WESTFIELD, Mass. (The Westfield News) – The city’s police department received a grant to help reduce car accidents in the city.

The grant, which was for $25,000, came from the Executive Office of Public Safety and Security, Highway Safety Division (EOPSS/HSD). The grant is going to be used for a Sustained Traffic Enforcement Program (STEP), which Westfield Police Capt. Larry Valliere said will aim to reduce car accidents in certain problem areas. This effort is expected to include increased traffic enforcement with additional personnel located in those areas.

“We’ll pinpoint on the most serious problem areas and that’s where we will put our efforts,” Valliere said.

According to paperwork on the grant provided by the Westfield Police Department:

“[T]he STEP Grant provides funding for departments to conduct sustained, high-visibility, year-round traffic enforcement using data to focus sharply on specific times of year and days and locations when crashes and injuries are highest in their community.”

According to Valliere, the department will utilize the funds to attempt to fill 40 hours a week in additional enforcement. This could include utilizing radar and also stopping vehicles. Valliere said the effort will be to lower accidents, particularly rear-end collisions, which Valliere said happens frequently in Westfield, mostly due to three reasons.

“Inattentiveness, aggressive driving and texting,” Valliere said. “Because it’s not always speed that causes collisions.”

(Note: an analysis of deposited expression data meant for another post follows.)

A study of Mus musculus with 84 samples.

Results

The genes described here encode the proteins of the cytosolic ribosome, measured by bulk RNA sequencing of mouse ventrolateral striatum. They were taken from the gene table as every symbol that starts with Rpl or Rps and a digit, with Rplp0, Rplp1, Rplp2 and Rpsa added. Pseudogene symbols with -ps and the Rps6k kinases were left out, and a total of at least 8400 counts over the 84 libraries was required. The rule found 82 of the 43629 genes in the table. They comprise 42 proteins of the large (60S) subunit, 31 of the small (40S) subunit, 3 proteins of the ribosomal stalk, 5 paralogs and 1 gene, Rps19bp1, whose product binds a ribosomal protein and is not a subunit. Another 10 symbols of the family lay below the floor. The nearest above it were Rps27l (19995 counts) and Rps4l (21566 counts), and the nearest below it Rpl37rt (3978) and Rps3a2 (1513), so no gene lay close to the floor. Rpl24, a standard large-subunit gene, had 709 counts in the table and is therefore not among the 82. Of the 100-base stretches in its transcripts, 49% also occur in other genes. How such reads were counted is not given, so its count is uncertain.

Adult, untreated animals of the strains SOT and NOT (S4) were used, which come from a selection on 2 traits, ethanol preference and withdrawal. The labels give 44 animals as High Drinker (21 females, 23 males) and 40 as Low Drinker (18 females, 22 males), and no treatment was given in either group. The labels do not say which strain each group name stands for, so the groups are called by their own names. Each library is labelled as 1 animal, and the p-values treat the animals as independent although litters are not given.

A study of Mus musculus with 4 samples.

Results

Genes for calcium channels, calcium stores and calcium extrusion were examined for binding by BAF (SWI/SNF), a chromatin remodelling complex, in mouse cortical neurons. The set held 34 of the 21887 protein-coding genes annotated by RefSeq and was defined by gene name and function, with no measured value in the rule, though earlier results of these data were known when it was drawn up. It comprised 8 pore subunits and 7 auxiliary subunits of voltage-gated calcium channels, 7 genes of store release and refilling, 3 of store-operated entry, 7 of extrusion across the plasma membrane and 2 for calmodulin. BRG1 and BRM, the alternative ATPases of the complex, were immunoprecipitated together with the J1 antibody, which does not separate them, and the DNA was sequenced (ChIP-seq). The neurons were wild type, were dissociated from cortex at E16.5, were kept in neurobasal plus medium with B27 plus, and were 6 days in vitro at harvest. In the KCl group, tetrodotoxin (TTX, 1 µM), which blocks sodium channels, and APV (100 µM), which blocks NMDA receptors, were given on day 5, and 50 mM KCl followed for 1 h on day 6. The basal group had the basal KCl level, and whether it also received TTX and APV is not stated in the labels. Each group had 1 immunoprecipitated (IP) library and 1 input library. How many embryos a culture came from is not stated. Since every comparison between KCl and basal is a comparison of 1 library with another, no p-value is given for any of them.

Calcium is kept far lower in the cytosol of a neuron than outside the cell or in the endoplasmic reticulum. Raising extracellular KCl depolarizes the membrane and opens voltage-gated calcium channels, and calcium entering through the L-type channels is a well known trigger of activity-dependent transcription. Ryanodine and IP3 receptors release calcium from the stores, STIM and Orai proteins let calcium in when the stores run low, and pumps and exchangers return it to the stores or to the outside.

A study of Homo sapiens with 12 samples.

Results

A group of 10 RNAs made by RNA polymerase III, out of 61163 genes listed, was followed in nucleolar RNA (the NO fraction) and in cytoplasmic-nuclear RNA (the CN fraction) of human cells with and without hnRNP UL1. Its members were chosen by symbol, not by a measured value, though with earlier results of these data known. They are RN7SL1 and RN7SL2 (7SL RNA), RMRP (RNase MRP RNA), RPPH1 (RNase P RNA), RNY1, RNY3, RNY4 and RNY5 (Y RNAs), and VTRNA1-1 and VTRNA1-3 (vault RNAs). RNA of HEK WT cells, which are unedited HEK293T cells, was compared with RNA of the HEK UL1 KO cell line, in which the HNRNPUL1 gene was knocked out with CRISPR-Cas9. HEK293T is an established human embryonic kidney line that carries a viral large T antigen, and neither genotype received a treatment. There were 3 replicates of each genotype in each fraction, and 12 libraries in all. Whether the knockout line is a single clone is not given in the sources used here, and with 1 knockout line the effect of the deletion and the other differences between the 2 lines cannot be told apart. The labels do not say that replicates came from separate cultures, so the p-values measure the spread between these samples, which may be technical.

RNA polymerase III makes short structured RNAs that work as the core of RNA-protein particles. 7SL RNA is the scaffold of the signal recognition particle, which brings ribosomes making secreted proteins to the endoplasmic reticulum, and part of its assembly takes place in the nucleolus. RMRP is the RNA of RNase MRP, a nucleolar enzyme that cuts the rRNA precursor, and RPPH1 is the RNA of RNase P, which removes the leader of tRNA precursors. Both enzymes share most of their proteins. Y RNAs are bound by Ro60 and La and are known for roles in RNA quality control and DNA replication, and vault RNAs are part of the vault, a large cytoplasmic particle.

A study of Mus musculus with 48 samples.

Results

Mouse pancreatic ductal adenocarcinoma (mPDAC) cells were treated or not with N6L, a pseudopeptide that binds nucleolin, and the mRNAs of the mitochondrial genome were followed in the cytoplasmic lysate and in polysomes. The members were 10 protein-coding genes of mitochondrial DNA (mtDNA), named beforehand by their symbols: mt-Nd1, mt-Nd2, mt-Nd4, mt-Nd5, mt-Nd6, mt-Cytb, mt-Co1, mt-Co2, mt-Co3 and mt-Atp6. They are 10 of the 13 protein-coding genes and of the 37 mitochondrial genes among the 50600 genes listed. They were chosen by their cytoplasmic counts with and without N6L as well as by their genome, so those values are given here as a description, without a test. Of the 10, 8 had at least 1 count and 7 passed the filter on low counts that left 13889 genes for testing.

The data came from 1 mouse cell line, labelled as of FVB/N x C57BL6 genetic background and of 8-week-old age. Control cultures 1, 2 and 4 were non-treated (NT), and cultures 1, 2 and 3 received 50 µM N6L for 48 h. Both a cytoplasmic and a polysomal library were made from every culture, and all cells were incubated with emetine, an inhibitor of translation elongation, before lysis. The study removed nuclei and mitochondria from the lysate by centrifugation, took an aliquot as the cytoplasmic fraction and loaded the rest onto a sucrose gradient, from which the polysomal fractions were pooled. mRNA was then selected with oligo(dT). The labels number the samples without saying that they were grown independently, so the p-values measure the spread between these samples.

According to the grant paperwork, there are several grant program details. Some of the program details include enforcement that happens “at times and locations where the risk of a crash is most likely” and that the department is required to “conduct a minimum of three documented stops or contacts for each officer per hour,” though the paperwork said that “[n]othing in this grant program shall be interpreted as a requirement, formal or informal, that a law enforcement officer issue a specified or predetermined number of citations in pursuance of the department’s obligation associated with the grant.”

In addition, it is recommended that officers working under the grant-funded traffic enforcement be certified in radar or LiDAR speed measurement, can proficiently conduct standardized field sobriety tests and “have completed the Advanced Roadside Impaired Driving Enforcement (ARIDE) course.”

The rest of the paperwork, titled “FFY 2017 STEP Narrative (AGF),” which has the full list of requirements, as well as other documents, can be found on the EOPPS/HSD’s “FFY 2017 Sustained Traffic Enforcement Program (STEP)” website.

According to the application provided by Valliere, data showed that 73 percent of crashes occurred between 7 a.m. and 5 p.m., with peak levels between 2 p.m. and 4 p.m. In addition, the frequency of crashes increased Wednesday through Friday, with December, January and February showing “a higher than normal amount of accidents.”

The locations listed:

  • North Elm Street
  • East Main Street
  • Elm Street
  • Southampton Road
  • Springfield Road
  • Main Street
  • Union Street
  • Western Avenue
  • Franklin Street
  • North Road

Intersections listed:

  • East Main Street and Little River Road
  • Holyoke Road and Springdale Road
  • Elm Street and Orange Street
  • Springfield Road and Union Street
  • Springfield Road and East Mountain Road
  • North Road and Southampton Road
  • Notre Dame Street and North Elm Street
  • Mill Street and West Silver Street
  • North Mountain Road and East Mountain Road

Valliere said that the enforcement will be starting by July 25.